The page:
The DATA Act: Proposed Federal Data Privacy Law

June 19, 2020

On June 18, Ohio Senator Sherrod Brown proposed legislation before Congress to create a comprehensive federal data privacy law. The bill, the Data Accountability and Transparency Act (DATA) of 2020, would be among the only comprehensive federal laws relating to data privacy, rather than protecting data privacy on a “sectoral” basis.

Current federal data privacy laws focus on things like health information, banking information, phone, cable or credit reporting information, but they do not cover information in a general sense. Current federal and state privacy laws often rely on the consent of the data subject, which permits the collection and use of data, if the data subject has in some way (often through click-through contracts or unmanageable contract terms) consented to the use of the data.

The DATA Act imposes restrictions on the use of personal data, particularly by data brokers, often irrespective of the consent of the data subject. The bill, if passed and signed into law, would ban the collection, use or sharing of personal data unless specifically allowed by law. The statute defines “personal data” as electronic data that could be linked or reasonably linkable to an individual, household or device, or could be used to determine that an individual or household is part of a protected class. This is similar to the definition of “personal information” used in both the European GDPR regulations and the California CCPA privacy laws.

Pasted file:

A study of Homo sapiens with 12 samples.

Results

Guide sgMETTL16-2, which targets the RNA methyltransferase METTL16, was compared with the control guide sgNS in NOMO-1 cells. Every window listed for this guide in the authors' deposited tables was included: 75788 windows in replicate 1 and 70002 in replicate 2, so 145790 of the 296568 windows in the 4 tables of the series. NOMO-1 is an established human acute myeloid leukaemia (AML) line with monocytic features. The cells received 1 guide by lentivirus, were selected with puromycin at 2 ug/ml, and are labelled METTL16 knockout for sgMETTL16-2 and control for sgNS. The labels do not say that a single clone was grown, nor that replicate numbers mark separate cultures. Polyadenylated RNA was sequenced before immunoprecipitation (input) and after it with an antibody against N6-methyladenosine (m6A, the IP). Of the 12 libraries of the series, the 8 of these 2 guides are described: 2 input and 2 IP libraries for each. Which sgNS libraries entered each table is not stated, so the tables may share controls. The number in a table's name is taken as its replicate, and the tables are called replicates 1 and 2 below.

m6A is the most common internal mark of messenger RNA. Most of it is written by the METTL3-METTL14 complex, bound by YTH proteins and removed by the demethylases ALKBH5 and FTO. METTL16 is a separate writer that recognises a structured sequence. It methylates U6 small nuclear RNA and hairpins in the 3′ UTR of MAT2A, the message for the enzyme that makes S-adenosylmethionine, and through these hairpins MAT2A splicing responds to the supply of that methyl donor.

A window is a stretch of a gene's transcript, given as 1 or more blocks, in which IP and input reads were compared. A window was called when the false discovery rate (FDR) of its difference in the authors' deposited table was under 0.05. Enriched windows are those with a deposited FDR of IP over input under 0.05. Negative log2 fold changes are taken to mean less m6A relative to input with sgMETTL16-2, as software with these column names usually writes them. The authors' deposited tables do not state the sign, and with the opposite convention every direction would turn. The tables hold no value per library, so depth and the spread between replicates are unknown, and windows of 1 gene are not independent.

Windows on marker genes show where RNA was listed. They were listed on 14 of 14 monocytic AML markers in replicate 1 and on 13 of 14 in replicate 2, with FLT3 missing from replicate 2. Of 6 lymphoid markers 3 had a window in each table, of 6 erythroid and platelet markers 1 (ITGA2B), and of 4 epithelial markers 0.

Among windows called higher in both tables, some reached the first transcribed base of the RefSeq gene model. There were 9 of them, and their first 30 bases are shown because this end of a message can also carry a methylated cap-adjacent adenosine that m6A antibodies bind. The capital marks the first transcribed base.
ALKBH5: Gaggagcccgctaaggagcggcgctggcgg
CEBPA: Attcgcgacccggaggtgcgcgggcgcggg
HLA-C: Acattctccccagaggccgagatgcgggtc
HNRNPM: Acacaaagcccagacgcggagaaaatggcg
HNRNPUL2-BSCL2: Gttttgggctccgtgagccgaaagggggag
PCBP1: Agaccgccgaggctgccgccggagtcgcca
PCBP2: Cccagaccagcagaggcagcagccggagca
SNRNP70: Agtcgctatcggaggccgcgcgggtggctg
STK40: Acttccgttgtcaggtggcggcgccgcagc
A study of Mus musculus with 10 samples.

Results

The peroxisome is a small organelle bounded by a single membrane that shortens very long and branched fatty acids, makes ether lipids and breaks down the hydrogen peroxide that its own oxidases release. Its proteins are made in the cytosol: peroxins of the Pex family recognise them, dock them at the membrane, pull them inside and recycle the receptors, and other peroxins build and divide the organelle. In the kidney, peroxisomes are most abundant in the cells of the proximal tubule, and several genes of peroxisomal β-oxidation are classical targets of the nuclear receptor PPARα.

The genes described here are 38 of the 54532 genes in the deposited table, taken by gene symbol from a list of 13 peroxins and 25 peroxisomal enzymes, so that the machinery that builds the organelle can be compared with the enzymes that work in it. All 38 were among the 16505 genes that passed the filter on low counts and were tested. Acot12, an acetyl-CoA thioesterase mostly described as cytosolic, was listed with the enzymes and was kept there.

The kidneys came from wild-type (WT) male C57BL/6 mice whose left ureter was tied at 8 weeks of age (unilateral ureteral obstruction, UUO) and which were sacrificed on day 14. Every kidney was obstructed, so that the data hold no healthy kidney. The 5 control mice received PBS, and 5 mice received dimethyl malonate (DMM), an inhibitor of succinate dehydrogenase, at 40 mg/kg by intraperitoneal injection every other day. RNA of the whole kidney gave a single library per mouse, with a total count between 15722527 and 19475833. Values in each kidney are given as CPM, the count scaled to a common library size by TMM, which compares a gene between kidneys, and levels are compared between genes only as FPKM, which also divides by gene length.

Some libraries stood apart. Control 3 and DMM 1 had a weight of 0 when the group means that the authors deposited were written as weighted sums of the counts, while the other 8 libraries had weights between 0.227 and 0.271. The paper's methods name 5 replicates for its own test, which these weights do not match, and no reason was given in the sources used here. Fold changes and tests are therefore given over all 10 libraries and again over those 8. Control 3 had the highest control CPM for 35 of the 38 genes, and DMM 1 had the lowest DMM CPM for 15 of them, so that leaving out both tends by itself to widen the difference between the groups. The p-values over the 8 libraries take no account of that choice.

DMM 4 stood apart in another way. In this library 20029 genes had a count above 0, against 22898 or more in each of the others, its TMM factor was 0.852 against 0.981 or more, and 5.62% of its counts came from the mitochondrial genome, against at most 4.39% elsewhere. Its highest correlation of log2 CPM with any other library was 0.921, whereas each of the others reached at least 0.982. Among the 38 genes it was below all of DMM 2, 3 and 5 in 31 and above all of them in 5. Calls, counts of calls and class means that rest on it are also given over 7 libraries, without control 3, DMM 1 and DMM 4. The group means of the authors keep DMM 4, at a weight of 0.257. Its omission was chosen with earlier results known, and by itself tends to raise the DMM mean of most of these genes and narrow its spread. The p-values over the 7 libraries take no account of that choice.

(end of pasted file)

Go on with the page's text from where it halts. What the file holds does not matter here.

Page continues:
The DATA Act would, in most instances, prohibit “data aggregators” using facial recognition technology or using data obtained from such technology, and defines such aggregators as “any person that collects, uses, or shares an amount of personal data that is not de minimis” but “does not include an individual who collects, uses, or shares personal data solely for personal reasons.”  The bill also would prohibit the use of personal data to improperly discriminate in housing, employment, credit, insurance, and public accommodations.

The DATA Act would impose new restrictions on the use of Artificial Intelligence (AI) or Machine Learning (ML) algorithms, and would mandate that those who use decision-making algorithms, must provide transparency and accountability reports. They must also test that system for bias or disparate impact on protected classes of individuals.

The legislation would also create a new, independent federal agency dedicated to protecting privacy and preventing discrimination resulting from the use of private data, and would create both private rights of action and empower State Attorney’s General to enforce the provision of the law. Finally, the proposal would require CEO’s certification of compliance with the Act and contains potential criminal and civil penalties for CEO’s and Boards of Directors.

If you have any questions regarding the DATA Act or other aspects of data privacy law, reach out to Mark Rasch at 301.547.6925 or mdr@kjk.com, or Brett Krantz at 216.736.7238 or bk@kjk.com.